Princeton Paul-ishes Baseball Off In Three

PRINCETON, N.J.—A game that had begun shrouded in mystery—from the identity of Princeton’s game three starter to whether the rain would hold up long enough to squeeze the Ivy League Championship game in—wound up being as unambiguous as Thomas Pauly versus Frank Herrmann with two on and two out in the ninth. For the seldom-used Herrmann, a freshman and Harvard Coach Joe Walsh’s last pinch-hitting option on a thinning bench, and Pauly, arguably the conference’s most dominant pitcher, the moment was a collision of implausibility and perfect clarity.

“We were looking for a dream come true up there,” Walsh said after the game.

A dream did come true, but it wasn’t Herrmann’s or Harvard’s. Herrmann struck out swinging, sending Princeton’s players into a frenzied pile in the infield as they celebrated winning the Ivy League Championship Series two games to one on a 5-2 victory in Game Three at Princeton’s Clarke Field yesterday.

A day after the bat of freshman third baseman Josh Klimkiewicz had opened the door to another extended run for the Red Rolfe Division champions, Pauly slammed it shut. Although not as dominant as he has been for most of the season, Pauly hurled a complete game four-hitter and settled in after the Crimson (20-23, 12-11 Ivy) touched him up for two early runs.

Harvard’s season ends one victory shy of back-to-back Ivy League Championships, while Princeton (27-21, 17-6) has now won three of the past four. The Tigers gained a measure of revenge for last season’s ousting in the championship series, the latest in a rivalry that has seen Princeton and Harvard play for the title six of the last eight years.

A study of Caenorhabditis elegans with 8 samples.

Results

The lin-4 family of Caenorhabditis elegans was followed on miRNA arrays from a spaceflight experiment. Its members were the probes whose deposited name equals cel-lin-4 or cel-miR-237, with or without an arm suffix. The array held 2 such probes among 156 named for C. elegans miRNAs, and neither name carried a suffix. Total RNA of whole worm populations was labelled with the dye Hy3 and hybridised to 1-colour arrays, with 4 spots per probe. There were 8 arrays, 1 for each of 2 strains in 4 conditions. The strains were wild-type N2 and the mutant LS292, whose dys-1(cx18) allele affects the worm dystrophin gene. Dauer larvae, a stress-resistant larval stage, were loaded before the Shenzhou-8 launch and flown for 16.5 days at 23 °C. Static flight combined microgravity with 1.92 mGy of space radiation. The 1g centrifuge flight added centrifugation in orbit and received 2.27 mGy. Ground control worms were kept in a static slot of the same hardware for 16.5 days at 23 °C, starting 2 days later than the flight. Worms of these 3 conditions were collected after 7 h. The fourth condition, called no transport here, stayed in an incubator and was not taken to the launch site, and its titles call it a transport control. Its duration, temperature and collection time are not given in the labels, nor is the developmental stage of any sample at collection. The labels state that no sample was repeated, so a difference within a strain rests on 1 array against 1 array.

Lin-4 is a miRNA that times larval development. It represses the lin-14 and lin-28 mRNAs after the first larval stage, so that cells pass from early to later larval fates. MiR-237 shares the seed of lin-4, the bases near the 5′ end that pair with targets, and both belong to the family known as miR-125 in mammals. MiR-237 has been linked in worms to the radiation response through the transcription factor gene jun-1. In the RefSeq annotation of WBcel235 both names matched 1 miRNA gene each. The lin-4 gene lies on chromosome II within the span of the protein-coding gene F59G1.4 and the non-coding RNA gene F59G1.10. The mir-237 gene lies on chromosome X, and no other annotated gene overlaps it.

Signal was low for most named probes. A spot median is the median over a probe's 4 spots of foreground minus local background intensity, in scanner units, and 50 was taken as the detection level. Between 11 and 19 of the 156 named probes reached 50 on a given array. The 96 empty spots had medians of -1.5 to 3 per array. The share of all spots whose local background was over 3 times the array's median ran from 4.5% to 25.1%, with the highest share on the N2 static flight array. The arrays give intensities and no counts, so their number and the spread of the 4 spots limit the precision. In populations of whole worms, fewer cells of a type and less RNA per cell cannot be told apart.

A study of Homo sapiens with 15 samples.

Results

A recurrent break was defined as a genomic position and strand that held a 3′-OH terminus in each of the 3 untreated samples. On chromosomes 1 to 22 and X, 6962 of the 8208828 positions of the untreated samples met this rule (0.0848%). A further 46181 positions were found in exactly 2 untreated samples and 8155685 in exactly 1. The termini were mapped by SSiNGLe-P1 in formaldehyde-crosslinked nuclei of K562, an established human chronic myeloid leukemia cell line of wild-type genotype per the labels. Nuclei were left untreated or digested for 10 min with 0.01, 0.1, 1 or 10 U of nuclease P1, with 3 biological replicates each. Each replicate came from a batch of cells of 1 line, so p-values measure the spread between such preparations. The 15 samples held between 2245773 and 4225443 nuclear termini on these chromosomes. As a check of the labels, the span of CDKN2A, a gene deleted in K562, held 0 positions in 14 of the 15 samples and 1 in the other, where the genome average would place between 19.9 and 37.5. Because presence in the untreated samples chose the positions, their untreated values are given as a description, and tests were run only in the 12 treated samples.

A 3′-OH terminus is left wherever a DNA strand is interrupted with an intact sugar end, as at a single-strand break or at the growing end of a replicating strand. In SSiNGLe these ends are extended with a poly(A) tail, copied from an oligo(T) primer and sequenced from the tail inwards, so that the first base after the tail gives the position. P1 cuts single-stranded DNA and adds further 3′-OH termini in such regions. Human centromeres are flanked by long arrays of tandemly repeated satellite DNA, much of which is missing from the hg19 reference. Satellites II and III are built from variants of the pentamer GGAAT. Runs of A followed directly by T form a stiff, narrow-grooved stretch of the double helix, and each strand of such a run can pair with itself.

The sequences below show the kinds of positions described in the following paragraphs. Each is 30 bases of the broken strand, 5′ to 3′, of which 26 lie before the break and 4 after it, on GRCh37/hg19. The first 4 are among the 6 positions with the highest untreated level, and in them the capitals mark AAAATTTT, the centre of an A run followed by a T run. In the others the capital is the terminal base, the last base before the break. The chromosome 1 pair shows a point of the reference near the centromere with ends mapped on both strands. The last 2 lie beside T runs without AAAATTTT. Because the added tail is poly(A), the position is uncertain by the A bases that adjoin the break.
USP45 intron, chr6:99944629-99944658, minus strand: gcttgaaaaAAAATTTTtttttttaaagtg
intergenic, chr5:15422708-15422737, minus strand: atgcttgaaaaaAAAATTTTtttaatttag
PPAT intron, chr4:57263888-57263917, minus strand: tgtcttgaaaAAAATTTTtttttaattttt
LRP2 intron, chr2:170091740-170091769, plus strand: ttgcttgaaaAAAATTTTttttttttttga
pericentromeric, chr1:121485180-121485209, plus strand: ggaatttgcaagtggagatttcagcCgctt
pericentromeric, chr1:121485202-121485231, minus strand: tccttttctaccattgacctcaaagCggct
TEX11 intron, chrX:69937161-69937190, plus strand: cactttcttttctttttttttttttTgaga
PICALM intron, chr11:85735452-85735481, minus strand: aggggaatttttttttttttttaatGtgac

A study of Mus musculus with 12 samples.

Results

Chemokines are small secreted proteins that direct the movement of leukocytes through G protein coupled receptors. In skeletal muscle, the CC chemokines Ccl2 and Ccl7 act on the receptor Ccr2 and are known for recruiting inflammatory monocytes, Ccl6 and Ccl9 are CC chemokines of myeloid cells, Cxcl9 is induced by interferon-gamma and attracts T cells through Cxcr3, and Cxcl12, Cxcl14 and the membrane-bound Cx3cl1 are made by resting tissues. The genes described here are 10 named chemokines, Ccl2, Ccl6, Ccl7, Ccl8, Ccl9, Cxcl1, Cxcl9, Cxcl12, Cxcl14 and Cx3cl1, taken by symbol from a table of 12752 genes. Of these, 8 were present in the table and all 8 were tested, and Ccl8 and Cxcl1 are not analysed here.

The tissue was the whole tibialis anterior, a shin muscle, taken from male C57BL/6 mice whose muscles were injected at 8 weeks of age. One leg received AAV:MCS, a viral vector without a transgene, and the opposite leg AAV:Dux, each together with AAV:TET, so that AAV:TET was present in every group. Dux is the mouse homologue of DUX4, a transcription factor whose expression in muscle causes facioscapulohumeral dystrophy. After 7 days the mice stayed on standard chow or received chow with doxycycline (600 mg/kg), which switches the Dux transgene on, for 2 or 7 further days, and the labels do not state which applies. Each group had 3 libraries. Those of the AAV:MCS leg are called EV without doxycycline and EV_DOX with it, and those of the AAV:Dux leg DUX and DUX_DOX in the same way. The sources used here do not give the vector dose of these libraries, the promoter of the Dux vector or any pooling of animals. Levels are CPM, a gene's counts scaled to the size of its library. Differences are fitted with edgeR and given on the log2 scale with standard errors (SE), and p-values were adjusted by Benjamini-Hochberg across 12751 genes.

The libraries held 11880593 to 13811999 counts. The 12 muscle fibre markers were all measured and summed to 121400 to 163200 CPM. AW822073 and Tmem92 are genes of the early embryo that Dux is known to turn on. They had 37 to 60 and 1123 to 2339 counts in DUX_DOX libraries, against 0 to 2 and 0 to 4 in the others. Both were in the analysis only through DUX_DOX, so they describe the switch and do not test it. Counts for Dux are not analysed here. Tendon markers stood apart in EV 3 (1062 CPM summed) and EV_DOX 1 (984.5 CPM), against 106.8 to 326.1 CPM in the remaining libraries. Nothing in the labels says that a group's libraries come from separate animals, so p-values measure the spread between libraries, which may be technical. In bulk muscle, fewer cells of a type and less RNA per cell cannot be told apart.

“It’s tough,” said senior Kenon Ronz, who started Saturday’s first game and is one of eight departing seniors. “It’s tough to know that baseball for me is near an end.” He paused. “At an end, maybe.”

Meanwhile, the rest of a fairly young team was left to watch the pile near the mound and think about the future.

“As a coach, you start to think about next year as soon as you get on the bus,” Walsh said. “We’ve got some cornerstones in place, and it’s good that they’ve gotten some championship game experience.”

Princeton 5, Harvard 2

Despite the dominant Pauly on the mound and a raucous Princeton crowd in attendance, a bad hop on a grounder to first was what did the Crimson in.

With runners on second and third and two outs, freshman Mike Dukovich was unable to field a ball off the bat of B.J. Szymanski that took an odd bounce off him into right field. Freshman second baseman Zak Farkes deftly recovered and threw the ball to first, where pitcher Mike Morgalis had rushed to cover the play.

Morgalis hustled to first to get the out, falling backwards with his feet on the bag as Szymanski charged through, but an umpire called Szymanski safe. Morgalis, still on the ground, turned and threw to home plate after a moment’s hesitation, but both runs had scored.

Sophomore catcher Schuyler Mann threw Szymanski out at second to end the inning, but a 3-2 game had swelled into a 5-2 Princeton cushion. Pauly (7-1) would not let it get any closer.

For the Crimson players, who had seen countless botched plays in the infield cost them runs earlier in the season, it stung to watch the game slip away on an out they thought they had.

“I think the umpire missed a call there,” Walsh said. “Morgalis thought he’d beaten him. I kept saying that with all of these bad hops and bounces we got that the baseball gods would have to turn it the other way eventually, but they didn’t.”